The Hungarian documentary that took fifteen years to make: 300 Tonnes of Gold

The documentary New Eldorado by Béla Balázs Award-winning director Tibor Kocsis is among the works that have garnered the most prizes in the last 15 years. The story of Verespatak continues in the film 300 Tonnes of Gold, whose gala premiere, attended by Hungarian President János Áder, has attracted a full house as the introductory event of the 2016 Budapest Water Summit.

The story of Verespatak, a village in Transylvania, has been a cause for concern for the entire world for almost twenty years – and Tibor Kocsis has played a significant part in that being the case. His documentary has put this 2000-year-old settlement, where the Rosia Montana Gold Corporation wants to open a gold mine, in the focus of attention. The company has acquired a long-term lease of the plot that hides over 300 tonnes of gold and 1600 tonnes of silver. In order to gain access to the metals in the ground, they plan to use great quantities of cyanide and dynamite every day over a planned course of 17 years.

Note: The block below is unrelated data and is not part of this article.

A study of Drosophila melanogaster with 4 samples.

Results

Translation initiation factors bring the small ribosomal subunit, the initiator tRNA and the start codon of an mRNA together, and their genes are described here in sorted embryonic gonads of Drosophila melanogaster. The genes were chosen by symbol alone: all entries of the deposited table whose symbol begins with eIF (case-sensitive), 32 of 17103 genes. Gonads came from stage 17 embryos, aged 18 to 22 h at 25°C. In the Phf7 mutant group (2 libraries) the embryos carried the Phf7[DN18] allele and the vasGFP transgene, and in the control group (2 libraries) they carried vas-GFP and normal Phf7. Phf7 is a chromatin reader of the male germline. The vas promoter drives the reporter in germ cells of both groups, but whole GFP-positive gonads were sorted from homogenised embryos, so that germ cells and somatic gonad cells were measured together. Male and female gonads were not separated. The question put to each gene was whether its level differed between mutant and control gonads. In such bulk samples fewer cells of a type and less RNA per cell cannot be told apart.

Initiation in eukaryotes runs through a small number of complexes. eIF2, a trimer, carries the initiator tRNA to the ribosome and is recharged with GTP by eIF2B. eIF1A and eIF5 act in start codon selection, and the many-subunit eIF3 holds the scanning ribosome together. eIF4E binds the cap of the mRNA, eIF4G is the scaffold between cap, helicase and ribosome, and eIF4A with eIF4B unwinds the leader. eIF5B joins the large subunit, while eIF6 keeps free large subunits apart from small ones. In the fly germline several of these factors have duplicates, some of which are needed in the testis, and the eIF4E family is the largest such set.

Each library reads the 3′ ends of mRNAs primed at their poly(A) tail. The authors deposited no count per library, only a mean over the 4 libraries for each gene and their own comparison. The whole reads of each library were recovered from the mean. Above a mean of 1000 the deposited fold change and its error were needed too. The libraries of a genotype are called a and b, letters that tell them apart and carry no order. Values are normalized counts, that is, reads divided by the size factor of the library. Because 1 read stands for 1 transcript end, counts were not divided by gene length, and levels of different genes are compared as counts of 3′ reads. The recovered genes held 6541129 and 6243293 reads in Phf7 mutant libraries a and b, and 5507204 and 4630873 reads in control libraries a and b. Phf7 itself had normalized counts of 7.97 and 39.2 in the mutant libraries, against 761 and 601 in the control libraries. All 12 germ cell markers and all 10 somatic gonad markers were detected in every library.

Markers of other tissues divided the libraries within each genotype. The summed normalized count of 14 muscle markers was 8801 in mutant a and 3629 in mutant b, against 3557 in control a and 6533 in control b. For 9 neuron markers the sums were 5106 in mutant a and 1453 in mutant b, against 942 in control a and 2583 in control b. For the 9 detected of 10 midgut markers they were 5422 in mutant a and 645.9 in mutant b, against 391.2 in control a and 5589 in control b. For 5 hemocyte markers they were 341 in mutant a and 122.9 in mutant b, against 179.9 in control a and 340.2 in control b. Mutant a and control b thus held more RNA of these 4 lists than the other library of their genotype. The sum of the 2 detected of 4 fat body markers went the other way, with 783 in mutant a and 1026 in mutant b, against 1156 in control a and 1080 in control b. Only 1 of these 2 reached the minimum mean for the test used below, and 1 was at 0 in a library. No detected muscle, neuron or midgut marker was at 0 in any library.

New Eldorado generated tremendous international cooperation: the European Parliament, in response to a motion by János Áder, who was an MEP at the time, banned the use of cyanide in mining in 2010. In the meantime, UNESCO put Verespatak on the list of World Heritage site candidates.

“I have always had faith in the power of art and cooperation to move mountains. Today, I also know that such power and cooperation is also capable of stopping mountains from being moved”, said Tibor Kocsis in his opening remarks at the gala premiere.


A one-hour made-for-TV version of the film 300 Tonnes of Gold was shown at an exclusive viewing as an opening event of the 2016 Budapest World Water Summit. A longer, two-hour cinematic version will have its public premiere next year. A number of foreign television channels have also expressed their interest in the film.